If you want to virtualize your network, and if you want to use Hyper-V for that, I recommend you go with server 2012. Hyper-V version 3 works great and has PowerShell support without you buying SCVMM. Now that your environment is growing, soon you will need highly available VM’s and you can do that by creating a Hyper-V Cluster. Then if a Hyper-V host goes down, your VM’s will be migrated to another available host in the cluster. Well yeahh, those VM’s will be powered off, but as soon as they are migrated, they will be automatically powered back on. This means that users can resume their work in a few minutes, instead of hours or even days in some cases. Before you have a Hyper-V cluster, first you need to create a Windows Failover Cluster. After you’re done with that, you can go ahead and install the Hyper-V role on those clustered servers, as we are going to do in just a sec.
For this guide I have three Windows server 2012 Core servers already in a Windows cluster. I presume you have your Windows Failover Cluster created so let’s move on.
Since this is a test environment I will use the domain controller as a central station, to install and manage the environment remotely, being possible with server 2012.
Right now if you right-click the cluster name and try to create a VM you can’t since the Hyper-V role is not installed. To install the role open Server Manager, right-click one of the servers that are part of the cluster and choose Add Roles and Features.
From here on just follow the wizard using the default options, and when you get to the Select server roles page check the Hyper-V box then click Add Features.
On the Create Virtual Switches page select the network adapter you want bind to the virtual switch. Without a virtual switch VM’s will not be able to communicate with other machines in the network. Most of the times this is the adapter that is part of the LAN, and users can access it. If you don’t want to make a choice now, you can skip it and do it later from the Hyper-V Manager console.
Here if you want to use live migrations, you have to check the box Allow this server to send and receive live migrations of virtual machines. Since I’m not going to do live migrations in this lab, I’ll just continue the wizard.
I don’t recommend you leave your VM’s to run on the C drive. Since we are in a cluster environment provide the drive letter for your cluster disk, the one that all cluster nodes can access. Maybe you are using CSVs (Cluster Shared Volumes); in that case provide the path to the CSV.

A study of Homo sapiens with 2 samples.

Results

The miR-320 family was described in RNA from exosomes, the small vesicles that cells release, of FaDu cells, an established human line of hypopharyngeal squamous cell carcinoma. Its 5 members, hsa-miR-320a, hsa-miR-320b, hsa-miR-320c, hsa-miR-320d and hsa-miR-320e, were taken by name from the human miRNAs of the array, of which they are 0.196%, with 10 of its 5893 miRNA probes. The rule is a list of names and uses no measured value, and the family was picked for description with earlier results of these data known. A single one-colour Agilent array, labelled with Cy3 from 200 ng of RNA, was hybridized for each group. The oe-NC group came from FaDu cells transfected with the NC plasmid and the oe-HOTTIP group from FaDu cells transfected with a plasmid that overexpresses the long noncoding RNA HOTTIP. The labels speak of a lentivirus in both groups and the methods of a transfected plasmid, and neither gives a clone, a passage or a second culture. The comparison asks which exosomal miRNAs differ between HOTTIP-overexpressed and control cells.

On the Confirmation screen just click the Install button to begin the installation. Don’t forget to check the box Restart the destination server automatically if required, because Hyper-V will definitely require a few restarts. Don’t panic if the wizard is not finished even after 5 minutes of running, because is waiting for the server reboots; and you know the server will reboot a couple of time until the Hyper-V role is successfully installed. Repeat this step for the rest of the servers that are part of the cluster.
Now that all nodes in the cluster have the Hyper-V role installed, we can now create high available VM’s. Just right-click Roles in Failover Cluster Manager and choose Virtual Machines > New Virtual Machine. You can also use the Hyper-V Manager console.
Select the node in the cluster where you want to place this VM.
From here on is just the usual New Virtual Machine Wizard. Right after you past the Before you begin screen you get to the Specify name and location one. Here you have to be careful where you place the VM, because the default path is on the C drive. This happens only when you are using the Failover Cluster Manager console to create VM’s. Continue the wizard and create the VM.
To test this, leave the VM running and power off the cluster node where is running. In my case is running on HV-Node1.
As soon as I power off the Hyper-V host (HV-Node1) the VM is migrated to another node in the cluster and automatically started. The only downtime clients have is until the OS is booting. There is a downside of this. If a user has a document opened on a VM and is not saved when the Hyper-V host fails, the user will lose that unsaved data.
Looks like it works, and it works pretty damn good. Another benefit of this, is that you don’t have to pay for those enterprise virtualization software to have high available VM’s.